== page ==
Davidson, James Wheeler family



        Davidson returned to the U.S. in 1905 suffering from typhoid and met his future wife, Lillian Dow, on the ship coming home. They married in 1906 and moved to Winnipeg, where he started his life as a businessman in Canada. The couple moved to Calgary in 1907 and in 1915, their daughter Marjory was born. Together with his brother, C.H. Davidson, and investors from the U.S., James was involved in a number of successful business ventures, including the Calgary Colonization Company, the Crown Lumber Company, and the Royalite Oil Company. He was also actively involved in a number of different initiatives in Calgary, including the construction of the Lougheed Building, the Calgary Symphony Orchestra, the Alberta Motor Association, and the Calgary-Banff Tourist Development Association.

        Davidson began his involvement with Rotary in 1914. In 1919, he became the President of the Calgary District Rotary Club, and for the remainder of his life, Rotary would play an increasingly important role. In 1921, he travelled to Australia and New Zealand with James L. Ralston, and they were successful in generating enthusiasm for Rotary and instrumental in getting several new clubs chartered. After increasing involvement locally and nationally with Rotary, James, Lillian and Marjory embarked on a thirty-two month trip in 1928 to Turkey, Greece, Egypt, Jerusalem, India and the Far East. The purpose of the trip was to promote the expansion of Rotary clubs across the world, and they were successful in getting 23 Rotary clubs chartered in 12 different countries. Throughout this period, James submitted regular reports to Rotary International about his progress, and Lillian maintained detailed journals and contributed regular articles about their travels to The Rotarian magazine.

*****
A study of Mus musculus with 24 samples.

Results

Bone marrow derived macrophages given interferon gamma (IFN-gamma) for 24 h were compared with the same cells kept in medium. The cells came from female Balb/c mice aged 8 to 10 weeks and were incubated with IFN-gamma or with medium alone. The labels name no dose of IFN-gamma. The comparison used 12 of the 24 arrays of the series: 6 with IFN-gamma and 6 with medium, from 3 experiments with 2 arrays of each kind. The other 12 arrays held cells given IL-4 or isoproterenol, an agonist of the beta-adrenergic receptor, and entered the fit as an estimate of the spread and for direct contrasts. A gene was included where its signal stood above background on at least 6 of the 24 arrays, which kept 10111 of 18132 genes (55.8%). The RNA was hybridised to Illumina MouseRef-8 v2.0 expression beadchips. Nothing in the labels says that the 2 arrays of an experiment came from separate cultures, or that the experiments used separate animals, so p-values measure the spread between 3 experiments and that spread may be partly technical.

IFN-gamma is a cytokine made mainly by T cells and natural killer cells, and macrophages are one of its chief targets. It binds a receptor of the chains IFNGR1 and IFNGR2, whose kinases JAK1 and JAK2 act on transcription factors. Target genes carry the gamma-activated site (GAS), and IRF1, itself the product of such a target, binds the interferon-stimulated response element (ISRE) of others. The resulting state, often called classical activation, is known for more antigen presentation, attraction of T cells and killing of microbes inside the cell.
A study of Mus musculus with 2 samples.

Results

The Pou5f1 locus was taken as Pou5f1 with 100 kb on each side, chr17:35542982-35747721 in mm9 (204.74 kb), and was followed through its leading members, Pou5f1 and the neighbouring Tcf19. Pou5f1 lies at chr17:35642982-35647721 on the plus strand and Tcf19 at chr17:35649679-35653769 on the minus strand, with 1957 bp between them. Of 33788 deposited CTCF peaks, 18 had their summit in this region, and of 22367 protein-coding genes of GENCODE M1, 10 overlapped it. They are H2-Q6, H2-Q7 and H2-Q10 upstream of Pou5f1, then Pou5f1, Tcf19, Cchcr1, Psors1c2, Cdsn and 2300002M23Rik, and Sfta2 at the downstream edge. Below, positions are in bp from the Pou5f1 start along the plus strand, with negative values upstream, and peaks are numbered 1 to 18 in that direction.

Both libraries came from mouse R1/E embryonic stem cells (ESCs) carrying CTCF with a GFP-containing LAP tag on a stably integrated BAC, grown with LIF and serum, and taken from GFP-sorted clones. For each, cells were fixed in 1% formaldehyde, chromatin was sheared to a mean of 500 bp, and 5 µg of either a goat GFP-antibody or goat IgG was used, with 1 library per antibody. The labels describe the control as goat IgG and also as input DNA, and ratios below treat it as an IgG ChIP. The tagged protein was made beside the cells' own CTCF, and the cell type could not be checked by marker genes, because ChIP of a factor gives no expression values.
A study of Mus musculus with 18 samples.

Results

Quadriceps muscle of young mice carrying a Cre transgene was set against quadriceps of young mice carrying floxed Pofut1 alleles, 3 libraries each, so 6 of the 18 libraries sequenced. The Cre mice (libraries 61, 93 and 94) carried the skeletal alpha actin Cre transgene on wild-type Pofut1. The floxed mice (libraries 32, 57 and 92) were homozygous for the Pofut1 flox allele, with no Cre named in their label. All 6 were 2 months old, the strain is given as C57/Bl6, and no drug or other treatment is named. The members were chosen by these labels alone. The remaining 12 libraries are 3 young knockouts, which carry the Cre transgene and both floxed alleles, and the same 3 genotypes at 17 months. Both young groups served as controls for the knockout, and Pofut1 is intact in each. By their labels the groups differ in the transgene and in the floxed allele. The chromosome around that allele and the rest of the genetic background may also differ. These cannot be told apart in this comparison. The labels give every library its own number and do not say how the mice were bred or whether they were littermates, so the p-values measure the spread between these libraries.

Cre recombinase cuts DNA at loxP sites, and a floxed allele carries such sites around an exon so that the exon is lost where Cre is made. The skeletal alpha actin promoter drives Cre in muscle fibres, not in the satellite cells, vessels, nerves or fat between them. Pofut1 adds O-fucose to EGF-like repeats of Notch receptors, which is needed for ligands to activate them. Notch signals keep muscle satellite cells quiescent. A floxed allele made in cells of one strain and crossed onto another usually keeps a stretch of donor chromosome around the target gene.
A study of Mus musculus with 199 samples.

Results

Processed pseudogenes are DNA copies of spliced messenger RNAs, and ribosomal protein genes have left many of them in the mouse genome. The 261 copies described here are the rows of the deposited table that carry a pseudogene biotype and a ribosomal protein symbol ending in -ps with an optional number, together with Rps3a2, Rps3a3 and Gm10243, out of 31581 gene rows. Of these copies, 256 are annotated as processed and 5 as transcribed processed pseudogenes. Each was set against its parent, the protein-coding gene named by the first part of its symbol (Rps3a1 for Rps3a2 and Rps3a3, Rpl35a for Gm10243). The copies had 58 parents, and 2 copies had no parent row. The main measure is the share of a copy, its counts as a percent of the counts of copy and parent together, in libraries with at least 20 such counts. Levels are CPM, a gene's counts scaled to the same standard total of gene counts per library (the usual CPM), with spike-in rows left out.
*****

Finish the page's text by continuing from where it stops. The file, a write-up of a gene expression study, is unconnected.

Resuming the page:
The Davidson family returned to Canada in 1931 and were enthusiastically welcomed home by their Rotarian family at a large formal dinner in Vancouver. In 1932, the family moved to Vancouver, as James was in failing health. In 1933, at the age of 61, James passed away. Tributes poured in from all over the world after his passing, as he had met and touched so many lives. A lasting tribute to James proposed by the Alberta Motor Association and the Royal Club of Calgary was the dedication of Mount Davidson, near Banff, Alberta.

        Lillian and Marjory continued their involvement with Rotary for many years, and they kept an active correspondence with many of the people they met on their travels. Lillian was asked to speak at various Rotary events, and her articles about their Rotary extension trip were published in a book, Making New Friends, in 1934. Marjory also spoke at Rotary events, including the Rotary International Convention in Taiwan in 1994.